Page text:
The alarm went off, and I hadn’t even really gone to sleep. I never drifted into full unconsciousness. But I laid there with the curtains closed and my eyes shut. I focused on my breathing, slow and steady. Focusing on my breathing helped me calm my mind and avoid the solo race it was trying to win.
It seems the second I have some peace, my mind begins to jump from thought to thought like a squirrel running through a field of acorns who’s unsure which acorn to grab. Instead of grabbing any acorns he just keeps running through the field merely touching acorn after acorn. I’m sure you don’t know what I’m talking about (that was sarcastic...you definitely know what I’m talking about).
I sat up from the couch a little sleepy. The fire was still going in the fireplace and I could hear my wife’s music playing in the background from her computer in the bedroom. My daughter was still asleep.
This isn’t the morning I’m talking about...this is midday. This is my experience with a nap.
Now, I have been anti-nap my entire life. I’ve always thought it was a waste of time. A lazy man’s game. I pointed to people who napped and wrongfully accused, “You should get off your butt and do something with your life! You’re sleeping the day away!” But the more research and reading I’ve done about the power of naps, the more intrigued I’ve become with the act.
It normally takes me a long time to fall asleep. So I always assumed a nap had to be longer than an hour. I’ve had days where I was so incredibly exhausted I took a nap... and those naps were almost always 2 hours. Then I’d wake up feeling guilty for having wasted 2 hours in the middle of the day.
Silly Derek. Oh, how far we’ve come.
After finally being intrigued enough with the data, I decided to try a nap for myself. And to be honest, in the back of my mind I was thinking, “Napping may work for other people, but I’m immune. Naps are no good for me.”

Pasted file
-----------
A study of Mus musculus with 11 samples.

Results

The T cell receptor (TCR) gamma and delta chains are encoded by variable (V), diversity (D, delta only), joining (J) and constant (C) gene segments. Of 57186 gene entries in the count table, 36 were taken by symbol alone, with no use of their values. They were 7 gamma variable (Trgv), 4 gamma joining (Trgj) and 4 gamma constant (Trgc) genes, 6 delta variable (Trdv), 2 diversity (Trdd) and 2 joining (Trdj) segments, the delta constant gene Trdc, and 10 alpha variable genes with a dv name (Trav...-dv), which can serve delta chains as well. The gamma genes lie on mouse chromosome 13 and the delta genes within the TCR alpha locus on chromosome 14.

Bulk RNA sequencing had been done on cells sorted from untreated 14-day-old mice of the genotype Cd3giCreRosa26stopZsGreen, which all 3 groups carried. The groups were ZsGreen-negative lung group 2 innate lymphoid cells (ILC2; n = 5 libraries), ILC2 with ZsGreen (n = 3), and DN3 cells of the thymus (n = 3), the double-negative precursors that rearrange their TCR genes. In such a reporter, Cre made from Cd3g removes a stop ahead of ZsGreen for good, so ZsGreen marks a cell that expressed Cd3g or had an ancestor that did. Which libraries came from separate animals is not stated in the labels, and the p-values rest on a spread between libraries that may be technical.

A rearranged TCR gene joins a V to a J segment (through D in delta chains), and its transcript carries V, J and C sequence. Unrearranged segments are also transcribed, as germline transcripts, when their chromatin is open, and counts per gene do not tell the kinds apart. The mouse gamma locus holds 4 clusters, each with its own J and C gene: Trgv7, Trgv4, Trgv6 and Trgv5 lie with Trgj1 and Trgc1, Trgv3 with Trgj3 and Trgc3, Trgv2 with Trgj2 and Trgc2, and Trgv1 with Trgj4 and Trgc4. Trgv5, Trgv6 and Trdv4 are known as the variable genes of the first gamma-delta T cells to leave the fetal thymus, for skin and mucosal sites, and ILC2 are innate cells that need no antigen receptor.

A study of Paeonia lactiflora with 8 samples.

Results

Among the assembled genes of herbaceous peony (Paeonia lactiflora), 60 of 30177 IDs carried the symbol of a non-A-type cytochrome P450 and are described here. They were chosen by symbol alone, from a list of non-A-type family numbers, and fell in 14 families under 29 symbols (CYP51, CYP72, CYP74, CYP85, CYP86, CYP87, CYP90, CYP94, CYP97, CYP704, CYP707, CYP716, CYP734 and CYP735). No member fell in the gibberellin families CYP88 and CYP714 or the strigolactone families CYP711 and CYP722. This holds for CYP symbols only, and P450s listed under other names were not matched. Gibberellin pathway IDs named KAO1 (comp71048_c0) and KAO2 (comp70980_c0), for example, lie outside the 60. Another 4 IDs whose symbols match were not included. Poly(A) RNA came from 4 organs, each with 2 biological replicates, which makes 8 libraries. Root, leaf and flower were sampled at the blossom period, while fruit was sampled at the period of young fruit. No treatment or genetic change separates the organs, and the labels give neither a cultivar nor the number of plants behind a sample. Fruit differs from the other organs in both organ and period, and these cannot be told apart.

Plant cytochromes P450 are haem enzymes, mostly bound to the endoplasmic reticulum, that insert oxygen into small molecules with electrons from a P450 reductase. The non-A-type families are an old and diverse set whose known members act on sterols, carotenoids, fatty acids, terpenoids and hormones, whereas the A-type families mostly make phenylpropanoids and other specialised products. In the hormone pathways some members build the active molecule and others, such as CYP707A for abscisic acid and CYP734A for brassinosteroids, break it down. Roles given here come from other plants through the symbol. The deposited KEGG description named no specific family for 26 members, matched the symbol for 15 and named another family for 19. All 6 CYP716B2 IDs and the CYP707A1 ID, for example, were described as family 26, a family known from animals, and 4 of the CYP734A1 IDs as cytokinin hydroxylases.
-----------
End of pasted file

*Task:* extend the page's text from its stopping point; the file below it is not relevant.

Boy was I wrong.
You see, the research I’ve done says that some of the most successful and productive people all take a nap in the middle of the day. Normally after lunch. For about 20 to 30 minutes.
“20 to 30 minutes?! It takes me that long to fall asleep!” ...I thought to myself.
But again, intrigued by the data I wanted to give it a shot.
So I did.
And I’m convinced that napping is the best idea ever.
I took the advice of Michael Hyatt and had a quick cup of coffee right before my nap. After 20 minutes (I set my timer), I got up and drank some water. Within minutes, I felt like a new man! The rest of the day felt like a whole extra day within the day! (Confused? Me too...let me explain)
After my nap, I got a new burst of energy that lasted until I went to bed that night. I was surprised and ecstatic! I discovered the hidden power of napping! What have I been missing out on all this time?!
Maybe I’ll share the data with you someday, but for now I’d encourage you to try a twenty to thirty minute nap right after lunch and see what happens for the rest of your day. I’ve only done it once and I can’t wait to experience that kind of productivity again.